The future of the car industry has less to do with the car itself and more to do with what services the car offers, according to Carlos Ghosn, chairman and CEO of the Renault–Nissan–Mitsubishi Alliance. On Monday, Ghosn participated in a panel on the automobile industry’s electric revolution, held at the opening of this year’s Mondial de l'Automobile auto show in Paris. The panel was moderated by David Barroux, editor-in-chief of French financial newspaper Les Échos, and also included Robert Dudley, CEO of multinational oil and gas company BP PLC.
“We have no intention to lose control over our product,” Ghosn said, commenting on the recent Google deal. “When we signed a contract to put android in our cars it was after a long negotiation,” he said. “We found common ground and the beneficiary is our user. A lot of people want to see this as a zero-sum game—if Google is in the car than it is going to take over content. It is not true. We are very careful. We want to continue building cars the way we want, but we also know that to build connected, autonomous cars with a lot of mobility services—we cannot do it alone.”
According to Ghosn, Renault–Nissan–Mitsubishi is set to announce additional high-profile collaborations over the next 12 months, all geared towards developing electric, connected, and autonomous cars, “with us as architects.”
Speaking on the topic of innovation in the auto industry, the panelists were asked about competition over young tech talent.
“Today one out of every five persons in BP has been there less than five years, so there is a lot of great young talent coming into BP,” said Dudley, adding that people may not have the right impression of the company going in. “But then they see the technology that we have—AI, seismic imaging—it’s a new world,” he said.
Ghosn said that while a lot of young tech talent is drawn to startups over big-name companies, he does not see it as a risk. “We are at a time when startups attract a lot of enthusiasm,” he said, noting that many of these startups are not ultimately successful. This leads to companies like Renault–Nissan–Mitsubishi eventually bringing in talent that is more mature, he said. “They have been through an experience where they value the company much more and they know what makes or breaks a company. So the combination of startups and big companies is very healthy.”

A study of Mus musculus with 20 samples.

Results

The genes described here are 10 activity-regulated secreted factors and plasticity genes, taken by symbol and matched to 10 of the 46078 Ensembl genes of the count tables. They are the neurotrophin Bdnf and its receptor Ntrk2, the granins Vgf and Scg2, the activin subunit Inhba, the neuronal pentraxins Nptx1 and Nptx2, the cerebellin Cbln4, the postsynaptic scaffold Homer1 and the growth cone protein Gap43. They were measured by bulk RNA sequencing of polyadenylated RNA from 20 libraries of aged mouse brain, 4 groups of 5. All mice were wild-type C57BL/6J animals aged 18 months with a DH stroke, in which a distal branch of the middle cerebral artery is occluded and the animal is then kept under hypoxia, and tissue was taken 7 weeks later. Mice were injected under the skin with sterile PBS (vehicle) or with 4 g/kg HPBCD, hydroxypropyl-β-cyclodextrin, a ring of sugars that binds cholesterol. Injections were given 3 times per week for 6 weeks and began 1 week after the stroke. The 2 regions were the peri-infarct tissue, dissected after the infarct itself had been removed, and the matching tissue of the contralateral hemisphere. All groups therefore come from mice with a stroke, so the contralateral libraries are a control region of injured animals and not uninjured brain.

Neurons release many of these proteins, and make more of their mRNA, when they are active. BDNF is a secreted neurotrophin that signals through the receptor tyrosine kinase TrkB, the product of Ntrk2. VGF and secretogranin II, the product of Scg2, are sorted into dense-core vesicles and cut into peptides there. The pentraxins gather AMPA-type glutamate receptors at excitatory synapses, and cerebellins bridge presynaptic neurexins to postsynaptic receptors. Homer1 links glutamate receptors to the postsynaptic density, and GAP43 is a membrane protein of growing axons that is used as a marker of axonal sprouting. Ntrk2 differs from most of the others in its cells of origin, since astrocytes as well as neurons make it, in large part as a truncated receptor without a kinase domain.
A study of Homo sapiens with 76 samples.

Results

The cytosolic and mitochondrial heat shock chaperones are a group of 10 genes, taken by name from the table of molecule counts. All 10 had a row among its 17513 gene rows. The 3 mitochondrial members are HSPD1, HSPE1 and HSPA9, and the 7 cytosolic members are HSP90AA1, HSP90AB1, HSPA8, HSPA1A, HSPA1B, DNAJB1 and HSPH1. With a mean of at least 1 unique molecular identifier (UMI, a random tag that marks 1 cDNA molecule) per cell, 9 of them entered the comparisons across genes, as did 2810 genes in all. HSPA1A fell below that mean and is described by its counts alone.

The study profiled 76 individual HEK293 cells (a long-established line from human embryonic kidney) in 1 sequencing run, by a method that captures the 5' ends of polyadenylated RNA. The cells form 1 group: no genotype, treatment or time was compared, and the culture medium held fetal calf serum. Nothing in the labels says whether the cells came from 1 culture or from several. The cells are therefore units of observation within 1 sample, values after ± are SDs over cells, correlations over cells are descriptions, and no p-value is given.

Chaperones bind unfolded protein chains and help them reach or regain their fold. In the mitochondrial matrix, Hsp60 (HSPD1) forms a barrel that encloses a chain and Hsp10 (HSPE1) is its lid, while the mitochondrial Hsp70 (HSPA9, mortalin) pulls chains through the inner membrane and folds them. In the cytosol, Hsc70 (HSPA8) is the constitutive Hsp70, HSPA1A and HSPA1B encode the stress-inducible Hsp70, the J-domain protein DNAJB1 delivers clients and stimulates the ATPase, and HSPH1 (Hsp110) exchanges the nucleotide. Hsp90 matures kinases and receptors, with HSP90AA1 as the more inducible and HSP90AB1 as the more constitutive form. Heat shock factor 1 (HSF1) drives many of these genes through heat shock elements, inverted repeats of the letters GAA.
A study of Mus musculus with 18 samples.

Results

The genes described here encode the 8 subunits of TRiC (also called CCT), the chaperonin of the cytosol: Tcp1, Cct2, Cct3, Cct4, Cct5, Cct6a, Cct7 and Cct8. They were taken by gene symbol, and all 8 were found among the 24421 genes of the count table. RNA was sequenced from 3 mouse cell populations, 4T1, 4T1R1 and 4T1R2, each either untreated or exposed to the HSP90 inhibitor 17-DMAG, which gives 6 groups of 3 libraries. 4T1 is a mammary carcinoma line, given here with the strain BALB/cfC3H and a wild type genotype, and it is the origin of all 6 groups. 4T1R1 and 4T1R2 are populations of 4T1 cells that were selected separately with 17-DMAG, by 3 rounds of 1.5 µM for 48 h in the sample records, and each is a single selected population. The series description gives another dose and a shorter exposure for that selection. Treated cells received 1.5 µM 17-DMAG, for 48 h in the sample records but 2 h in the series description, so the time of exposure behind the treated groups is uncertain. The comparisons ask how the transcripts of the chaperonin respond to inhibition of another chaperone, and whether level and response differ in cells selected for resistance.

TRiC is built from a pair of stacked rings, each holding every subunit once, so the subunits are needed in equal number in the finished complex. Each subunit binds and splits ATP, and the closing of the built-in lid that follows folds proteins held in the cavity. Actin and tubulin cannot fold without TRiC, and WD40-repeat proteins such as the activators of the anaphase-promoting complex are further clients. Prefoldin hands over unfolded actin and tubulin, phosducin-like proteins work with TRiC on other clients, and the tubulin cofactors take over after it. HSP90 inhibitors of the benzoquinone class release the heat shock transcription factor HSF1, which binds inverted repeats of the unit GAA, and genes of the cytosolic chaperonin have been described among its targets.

Ghosn said that Renault–Nissan–Mitsubishi has projected that by the end of 2022, 10% of the cars it sells will be fully electric. Speaking on the challenges of marketing electric cars, Ghosn said that on average, people today spend six to seven minutes filling up gas at a station. Renault–Nissan–Mitsubishi’s objective is to develop a fast-charging battery system that competes with that timeframe, he explained. “We don’t need to go lower than that.”
According to Ghosn, carmakers today are flooded with new technologies and requests for investments. “Our most difficult task is how to allocate our capacity to invest in the right technology,” he said. “So we are not looking at the ultimate technology, we are looking at what we think is the concern of the consumer, we hit that, and then move on to something else.”
A good example for this is the range of the battery, Ghosn said. According to him, studies based on the company’s electric car sales—some 600,000 to date—found that buyers are concerned with reaching a range of 300 kilometers. “After that, it is no longer a concern,” he said. “So everything we are doing now is to make sure we are crossing the 300 km range. “We are not going for peak performance, we are going after satisfying what consumers want.”